Thursday, September 21, 2017

Review: Empty Net by Avon Gale

Empty Net 
(Scoring Chances #4)
by Avon Gale
Genre: M/M Romance, Sport
Release Date: September 2, 2016
Goodreads

Spartanburg Spitfires’ goalie and captain Isaac Drake ended last season with an unexpected trip to the playoffs. He’s found a home and family with his coach and mentor, Misha Samarin, and he’s looking forward to making a serious run for the Kelly Cup. But things take an interesting turn when Isaac’s archnemesis, Laurent St. Savoy, is traded to the Spitfires. After Laurent’s despicable behavior in the playoffs last year, Isaac wants nothing to do with him – no matter how gorgeous he is. But that changes when Isaac discovers the reason for Laurent’s attitude.

Laurent St. Savoy grew up the only son of a legendary NHL goalie in a household rife with abuse, constantly treated like a disappointment on and off the ice. When a desperate attempt to escape his father’s tyranny sends him to the Spitfires, the last thing Laurent wants is to make friends. But there’s something about Isaac Drake that he can’t resist, and Laurent has an opportunity to explore his sexuality for the first time, but he’s cracking under end-of-the season pressures. When facing the playoffs and a rivalry turned personal vendetta, Isaac’s not sure he’s enough to hold Laurent—or their relationship—together.

Please be advised: This book does contain some non-graphic references to past childhood physical/emotional abuse as well as issues relating to ED (bulimia and restricted eating, disordered thoughts about eating).




I can't decide I like Book 3 Power Play more or Empty Net more, both centered on the Spitfire team. Although each book in the series feature a different couple, in order to enjoy Empty Net, you might want to consider to at least read Power Play. It was equally good anyway.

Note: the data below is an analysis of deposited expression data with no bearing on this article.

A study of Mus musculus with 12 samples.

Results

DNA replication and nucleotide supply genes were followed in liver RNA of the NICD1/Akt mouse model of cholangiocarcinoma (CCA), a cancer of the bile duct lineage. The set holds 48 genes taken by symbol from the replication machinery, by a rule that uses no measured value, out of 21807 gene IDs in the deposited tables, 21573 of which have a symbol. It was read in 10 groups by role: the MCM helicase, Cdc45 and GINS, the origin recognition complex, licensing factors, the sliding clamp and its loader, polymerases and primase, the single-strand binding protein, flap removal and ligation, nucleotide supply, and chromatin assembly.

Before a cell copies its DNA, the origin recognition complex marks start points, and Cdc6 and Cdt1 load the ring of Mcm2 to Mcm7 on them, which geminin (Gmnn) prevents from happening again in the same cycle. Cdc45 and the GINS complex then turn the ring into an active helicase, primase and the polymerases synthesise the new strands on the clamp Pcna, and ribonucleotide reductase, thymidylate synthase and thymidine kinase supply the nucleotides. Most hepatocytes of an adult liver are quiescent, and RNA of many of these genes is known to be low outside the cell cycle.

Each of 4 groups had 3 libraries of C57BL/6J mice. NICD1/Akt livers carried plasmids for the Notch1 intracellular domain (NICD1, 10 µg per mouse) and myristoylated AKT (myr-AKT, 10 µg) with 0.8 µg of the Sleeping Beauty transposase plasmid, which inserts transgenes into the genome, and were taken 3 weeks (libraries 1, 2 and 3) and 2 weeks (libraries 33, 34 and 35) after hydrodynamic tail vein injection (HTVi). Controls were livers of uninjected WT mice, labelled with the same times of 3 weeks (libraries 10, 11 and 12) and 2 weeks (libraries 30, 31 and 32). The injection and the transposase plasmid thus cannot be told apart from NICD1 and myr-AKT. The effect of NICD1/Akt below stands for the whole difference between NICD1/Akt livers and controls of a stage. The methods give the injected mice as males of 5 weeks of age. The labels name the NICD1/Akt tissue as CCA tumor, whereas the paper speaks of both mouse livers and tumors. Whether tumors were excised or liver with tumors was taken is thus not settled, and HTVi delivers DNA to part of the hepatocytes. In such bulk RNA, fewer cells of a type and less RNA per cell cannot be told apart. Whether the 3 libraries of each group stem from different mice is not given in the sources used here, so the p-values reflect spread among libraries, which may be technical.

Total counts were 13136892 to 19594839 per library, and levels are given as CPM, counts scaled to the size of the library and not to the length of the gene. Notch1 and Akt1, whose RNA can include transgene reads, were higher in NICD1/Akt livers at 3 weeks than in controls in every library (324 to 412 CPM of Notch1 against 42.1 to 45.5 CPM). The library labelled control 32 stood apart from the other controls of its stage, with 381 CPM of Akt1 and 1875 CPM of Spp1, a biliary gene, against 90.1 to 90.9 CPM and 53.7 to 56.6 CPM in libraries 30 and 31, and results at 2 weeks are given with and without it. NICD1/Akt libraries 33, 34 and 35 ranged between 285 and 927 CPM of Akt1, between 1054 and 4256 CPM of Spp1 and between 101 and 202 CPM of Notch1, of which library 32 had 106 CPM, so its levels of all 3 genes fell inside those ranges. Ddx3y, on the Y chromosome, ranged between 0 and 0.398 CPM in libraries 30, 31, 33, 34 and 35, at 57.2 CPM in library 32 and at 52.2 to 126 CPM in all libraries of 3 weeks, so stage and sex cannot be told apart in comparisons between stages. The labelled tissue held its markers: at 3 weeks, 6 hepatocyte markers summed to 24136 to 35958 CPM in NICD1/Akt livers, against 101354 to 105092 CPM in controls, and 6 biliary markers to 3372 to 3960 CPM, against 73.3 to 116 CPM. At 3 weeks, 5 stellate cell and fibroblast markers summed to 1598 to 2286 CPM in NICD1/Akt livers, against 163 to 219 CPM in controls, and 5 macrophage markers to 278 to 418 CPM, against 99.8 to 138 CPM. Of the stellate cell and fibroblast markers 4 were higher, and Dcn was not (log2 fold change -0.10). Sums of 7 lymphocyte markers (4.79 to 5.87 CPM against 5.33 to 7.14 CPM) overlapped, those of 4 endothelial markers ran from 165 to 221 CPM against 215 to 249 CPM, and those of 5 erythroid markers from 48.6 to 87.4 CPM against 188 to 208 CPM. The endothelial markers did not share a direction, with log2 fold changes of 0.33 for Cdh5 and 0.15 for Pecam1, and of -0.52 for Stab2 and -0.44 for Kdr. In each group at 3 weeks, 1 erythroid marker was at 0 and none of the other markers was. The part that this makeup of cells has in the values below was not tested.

Before starting on this, I thought Isaac Drake, the Spitfire goalie with some serious anger management issue and coupled with his troubled past, he would be the character that cause most of the drama in the story. So I'm surprised to find out that his love interest is Laurent St. Savoy, the goalie from their rival team who used to spit on him and call him a fag. Woah! Bring on the hate, please. I love a good enemies to lovers story as long as the bad guy is redeemable. 

Compare to Laurent, Isaac seems like a more well adjusted young man. I can't believe I would describe Isaac as the more mature, understanding and forgiving character. Living under Misha's roof might just do him some good. I really like his close relationship with Misha and that is one of the main reason, you must read Power Play to understand what bonded them together. However, despite his character growth, there are still time for some mischief to keep things entertaining.

Laurent is a big ball of woolly mess. Previously, we might thought he is just an asshole hockey player, but now that we get to know in depth into his character, he is such a tortured soul. He got the worst father ever and that's a lot of reason behind why he acted like a jackass most of the time. I like the way Isaac manage to handle Laurent's prickly attitude. Isaac never coddled him, but instead know how to set boundaries and try to make him come out of his shell. 

Isaac and Laurent relationship started off with friendship, which make their foundation solid. Isaac always emphasize that they are friends no matter what happened even if Laurent isn't gay. Their sexual relationship does feel awkward and unconventional in the beginning. Laurent is just not a sexual creature due to his inexperience with people in general. But Isaac is always patience and being there for him to navigate these uncharted territory. 

Overall, this series just keep getting better and better. The turning point was at Book 3 whereby we got some seriously engaging plot with strong characters with well developed personal growth. Seeing how Laurent grow from a wild dog that seems to snap at anyone who dare approach him into a person who know how to love and accept love in return in simply amazing.